The photo above is for Straight-Out-Of-the-Camera Sunday
(Ha! What did I find when I went to get the SOOC link at Jan’s blog… She had been to the zoo as well!)
This weekend on Saturday I spent the day (or half the day) at our zoo. I've been meaning to go ever since I got the new camera back in May; knowing they also made some changes last year that I wanted to see. (Last time I was there was in 2009.) This weekend we had a return of sunny weather for a couple of days – summery, but not too hot... So on Saturday I decided it was Zoo Time.
I took 350 photos or so on my round; so you can expect exotic animals to be popping up under all kinds of themes on both my blogs over the weeks to come…
Actually I already started with some Savannah shadows for Shadow Shot Sunday in my Picture Book blog. (See link)
Before I go on to show more zoo photos, I think it may be a good idea to introduce you to
The history of our zoo
The zoo here in Borås was founded in 1962 by a man named Sigvard Berggren (1923-2011). He grew up in Stockholm and became an engineer, but was also always interested in wild animals and nature. He came to live in/near Borås in 1950. (Among other things he started a fruit juice company here.)
On a trip to Sudan in Africa in the mid 1950's, he happened to come across a three months old lion cub whose mother had been shot. He took it back to Sweden with him (in his own car). He called it Simba. When they got back to Sweden, he got a big dog, a collie, as playmate for the lion. The lion was allowed pretty much the same freedom as the dog until it was about 1½ years old. It was never chained or tied with a rope. As it got older it was given an enclosed exercise yard of about 3000 m²; and a female lion was also acquired as companion for it.
Simba became quite famous in the late 1950s by appearing in a Swedish film (Lejon på stan – Lion in town – 1959).
From my early childhood I have a fragment of a memory of going to see Simba (and possibly also the other lion) at Berggren's private property outside Borås. I can recall looking at it through a fence. There is no photo in my photo albums from the occasion. But I had both sets of grandparents in this area and it is very likely that we did go to Berggren's place on some occasion to have a look. (Probably after it got famous from the film, around 1960.)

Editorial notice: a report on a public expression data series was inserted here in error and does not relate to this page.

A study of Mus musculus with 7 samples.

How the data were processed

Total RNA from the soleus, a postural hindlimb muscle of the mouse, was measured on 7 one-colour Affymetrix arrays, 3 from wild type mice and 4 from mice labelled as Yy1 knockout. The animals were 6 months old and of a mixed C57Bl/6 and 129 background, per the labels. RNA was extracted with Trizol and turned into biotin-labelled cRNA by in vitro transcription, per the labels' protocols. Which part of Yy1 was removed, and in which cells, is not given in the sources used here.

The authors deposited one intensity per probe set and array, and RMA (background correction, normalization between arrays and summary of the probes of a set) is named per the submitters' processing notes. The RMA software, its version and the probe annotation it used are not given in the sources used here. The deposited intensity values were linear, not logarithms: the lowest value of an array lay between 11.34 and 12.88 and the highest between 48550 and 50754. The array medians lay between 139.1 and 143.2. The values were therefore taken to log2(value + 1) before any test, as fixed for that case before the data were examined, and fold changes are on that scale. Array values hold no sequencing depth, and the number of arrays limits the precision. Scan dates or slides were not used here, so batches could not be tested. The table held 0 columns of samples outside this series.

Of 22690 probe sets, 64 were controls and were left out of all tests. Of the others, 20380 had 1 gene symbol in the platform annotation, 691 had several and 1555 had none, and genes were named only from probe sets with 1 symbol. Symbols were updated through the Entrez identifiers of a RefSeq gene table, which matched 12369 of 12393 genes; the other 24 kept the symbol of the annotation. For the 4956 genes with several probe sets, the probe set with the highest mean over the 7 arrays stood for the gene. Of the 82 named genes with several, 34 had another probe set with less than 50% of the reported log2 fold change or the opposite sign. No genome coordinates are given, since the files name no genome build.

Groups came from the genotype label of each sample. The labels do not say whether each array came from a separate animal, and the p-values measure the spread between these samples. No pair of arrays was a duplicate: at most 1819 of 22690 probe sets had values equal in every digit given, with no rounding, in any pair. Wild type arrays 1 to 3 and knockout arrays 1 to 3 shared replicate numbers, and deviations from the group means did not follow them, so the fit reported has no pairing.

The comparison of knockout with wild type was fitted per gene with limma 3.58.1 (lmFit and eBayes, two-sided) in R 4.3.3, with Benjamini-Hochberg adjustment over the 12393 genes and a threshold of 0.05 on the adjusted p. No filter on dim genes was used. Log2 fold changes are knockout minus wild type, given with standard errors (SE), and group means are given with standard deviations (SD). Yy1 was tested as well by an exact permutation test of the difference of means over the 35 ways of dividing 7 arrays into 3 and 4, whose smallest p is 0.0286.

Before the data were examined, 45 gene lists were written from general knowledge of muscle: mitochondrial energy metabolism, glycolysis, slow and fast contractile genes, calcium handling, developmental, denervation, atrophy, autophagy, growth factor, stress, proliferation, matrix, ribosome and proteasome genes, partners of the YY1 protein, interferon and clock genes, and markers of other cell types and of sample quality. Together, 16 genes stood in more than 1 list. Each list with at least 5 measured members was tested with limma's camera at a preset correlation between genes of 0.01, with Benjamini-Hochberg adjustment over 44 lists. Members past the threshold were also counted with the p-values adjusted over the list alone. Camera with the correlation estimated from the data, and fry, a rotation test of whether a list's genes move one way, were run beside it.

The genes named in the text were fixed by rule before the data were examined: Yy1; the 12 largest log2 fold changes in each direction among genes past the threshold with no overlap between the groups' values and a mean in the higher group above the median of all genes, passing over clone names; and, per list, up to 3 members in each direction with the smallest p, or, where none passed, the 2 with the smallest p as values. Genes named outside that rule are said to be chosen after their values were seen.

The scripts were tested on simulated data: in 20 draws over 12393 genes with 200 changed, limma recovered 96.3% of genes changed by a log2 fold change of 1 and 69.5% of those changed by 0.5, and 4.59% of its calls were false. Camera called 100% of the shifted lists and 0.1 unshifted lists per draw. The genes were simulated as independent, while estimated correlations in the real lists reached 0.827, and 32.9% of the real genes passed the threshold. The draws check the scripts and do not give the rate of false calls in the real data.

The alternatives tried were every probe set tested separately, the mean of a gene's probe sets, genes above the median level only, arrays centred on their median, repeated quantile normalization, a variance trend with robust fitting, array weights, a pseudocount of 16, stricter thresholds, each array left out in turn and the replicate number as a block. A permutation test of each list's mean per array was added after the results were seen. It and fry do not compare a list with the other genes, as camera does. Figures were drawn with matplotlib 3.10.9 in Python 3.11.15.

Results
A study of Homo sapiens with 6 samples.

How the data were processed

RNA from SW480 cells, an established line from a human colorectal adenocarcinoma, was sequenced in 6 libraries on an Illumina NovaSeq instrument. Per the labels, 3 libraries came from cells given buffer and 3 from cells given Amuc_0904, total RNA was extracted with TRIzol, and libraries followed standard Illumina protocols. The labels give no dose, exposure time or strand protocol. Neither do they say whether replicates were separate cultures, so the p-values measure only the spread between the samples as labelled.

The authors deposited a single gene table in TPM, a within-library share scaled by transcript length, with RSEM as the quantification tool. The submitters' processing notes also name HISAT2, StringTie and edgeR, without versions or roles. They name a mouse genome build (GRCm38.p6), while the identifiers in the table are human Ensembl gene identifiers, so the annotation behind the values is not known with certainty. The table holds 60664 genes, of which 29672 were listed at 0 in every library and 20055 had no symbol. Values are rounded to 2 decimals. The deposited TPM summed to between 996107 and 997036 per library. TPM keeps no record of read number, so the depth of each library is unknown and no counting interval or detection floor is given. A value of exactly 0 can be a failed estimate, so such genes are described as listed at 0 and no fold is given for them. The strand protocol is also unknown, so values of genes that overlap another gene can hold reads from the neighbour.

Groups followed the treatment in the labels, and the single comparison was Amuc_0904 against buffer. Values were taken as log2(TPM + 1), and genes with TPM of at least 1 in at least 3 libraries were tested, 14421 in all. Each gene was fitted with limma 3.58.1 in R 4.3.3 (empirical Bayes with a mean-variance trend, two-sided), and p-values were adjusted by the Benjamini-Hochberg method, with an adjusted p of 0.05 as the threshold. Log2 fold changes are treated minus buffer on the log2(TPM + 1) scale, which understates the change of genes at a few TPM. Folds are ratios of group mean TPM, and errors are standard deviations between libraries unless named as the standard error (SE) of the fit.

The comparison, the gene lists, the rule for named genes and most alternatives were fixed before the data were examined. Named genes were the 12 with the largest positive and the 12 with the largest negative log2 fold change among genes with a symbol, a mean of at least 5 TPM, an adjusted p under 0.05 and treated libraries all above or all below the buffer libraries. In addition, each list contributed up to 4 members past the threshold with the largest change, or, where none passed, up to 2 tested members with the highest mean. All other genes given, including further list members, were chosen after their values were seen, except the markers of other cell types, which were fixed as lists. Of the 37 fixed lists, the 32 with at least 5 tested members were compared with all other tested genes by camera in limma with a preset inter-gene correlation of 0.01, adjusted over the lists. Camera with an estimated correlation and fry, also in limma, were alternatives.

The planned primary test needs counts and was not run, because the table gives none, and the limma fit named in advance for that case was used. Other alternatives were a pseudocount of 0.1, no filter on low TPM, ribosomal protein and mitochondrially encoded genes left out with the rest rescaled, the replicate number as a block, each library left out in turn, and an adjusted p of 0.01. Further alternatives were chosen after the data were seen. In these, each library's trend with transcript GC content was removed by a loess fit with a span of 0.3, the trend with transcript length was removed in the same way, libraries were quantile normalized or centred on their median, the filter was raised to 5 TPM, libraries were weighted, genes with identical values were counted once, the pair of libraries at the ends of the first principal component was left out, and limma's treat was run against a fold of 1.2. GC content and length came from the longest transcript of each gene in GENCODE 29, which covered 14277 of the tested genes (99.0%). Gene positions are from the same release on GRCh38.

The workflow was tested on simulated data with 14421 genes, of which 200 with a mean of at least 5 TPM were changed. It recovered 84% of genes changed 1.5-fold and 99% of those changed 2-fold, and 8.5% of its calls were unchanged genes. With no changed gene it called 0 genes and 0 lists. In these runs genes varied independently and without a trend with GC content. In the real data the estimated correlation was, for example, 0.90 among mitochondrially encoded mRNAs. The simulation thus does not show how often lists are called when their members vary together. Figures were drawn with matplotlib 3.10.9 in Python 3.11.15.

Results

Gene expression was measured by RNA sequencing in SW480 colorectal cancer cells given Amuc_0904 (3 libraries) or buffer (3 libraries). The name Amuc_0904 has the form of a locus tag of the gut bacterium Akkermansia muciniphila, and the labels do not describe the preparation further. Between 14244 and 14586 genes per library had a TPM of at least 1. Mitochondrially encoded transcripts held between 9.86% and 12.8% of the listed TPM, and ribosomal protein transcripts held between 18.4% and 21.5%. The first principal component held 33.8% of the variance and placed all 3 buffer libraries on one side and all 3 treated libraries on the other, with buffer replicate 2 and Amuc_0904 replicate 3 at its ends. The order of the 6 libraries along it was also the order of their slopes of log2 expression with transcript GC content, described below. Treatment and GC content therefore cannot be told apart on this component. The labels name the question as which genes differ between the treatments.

Berggren and his wife made more trips to Africa, being involved in various environmental projects there. He also continued to import more African animals to Sweden. In 1962 he founded the Zoo in Borås, where the main feature was to let several different kinds of animals live together like on the African savannah, rather than being kept in separate cages or folds. (Not the predators, though... or it would probably have been a very short story.) This was a new idea back then (at least in Sweden) and it became an inspiration for others to follow.
Since then the zoo has continued to grow. Today it has an area of 380.000 m² (38 hectares). The savannah still looks pretty much the same but other areas have been extended. Besides the focus on African animals they also have some of our more rare Nordic predators: wolves, wolverines, lynx and brown bears. The latest development of the park (last year) is a new enlarged area for bears. But there are also a few species that are neither African nor Nordic - like Siberian tigers, racoons, penguins and sea lions. Altogether there are more than 60 different species living in the zoo. They have a special interest in caring for and preserving endangered species whose natural habitats are no longer really a safe environment for them either.
The zoo is kept open to the public from mid April until the end of October. In the winter some animals (like bears) are in natural hibernation. For some of the exotic animals that do not go into hibernation, the climate is also no doubt too cold for them to be outside (as much, or at all) in the winter. For those who do not have natural dens, there are stables. Some can go in and out as they please, some are in the stables at night, or it varies with the seasons etc; depending on each type of animal.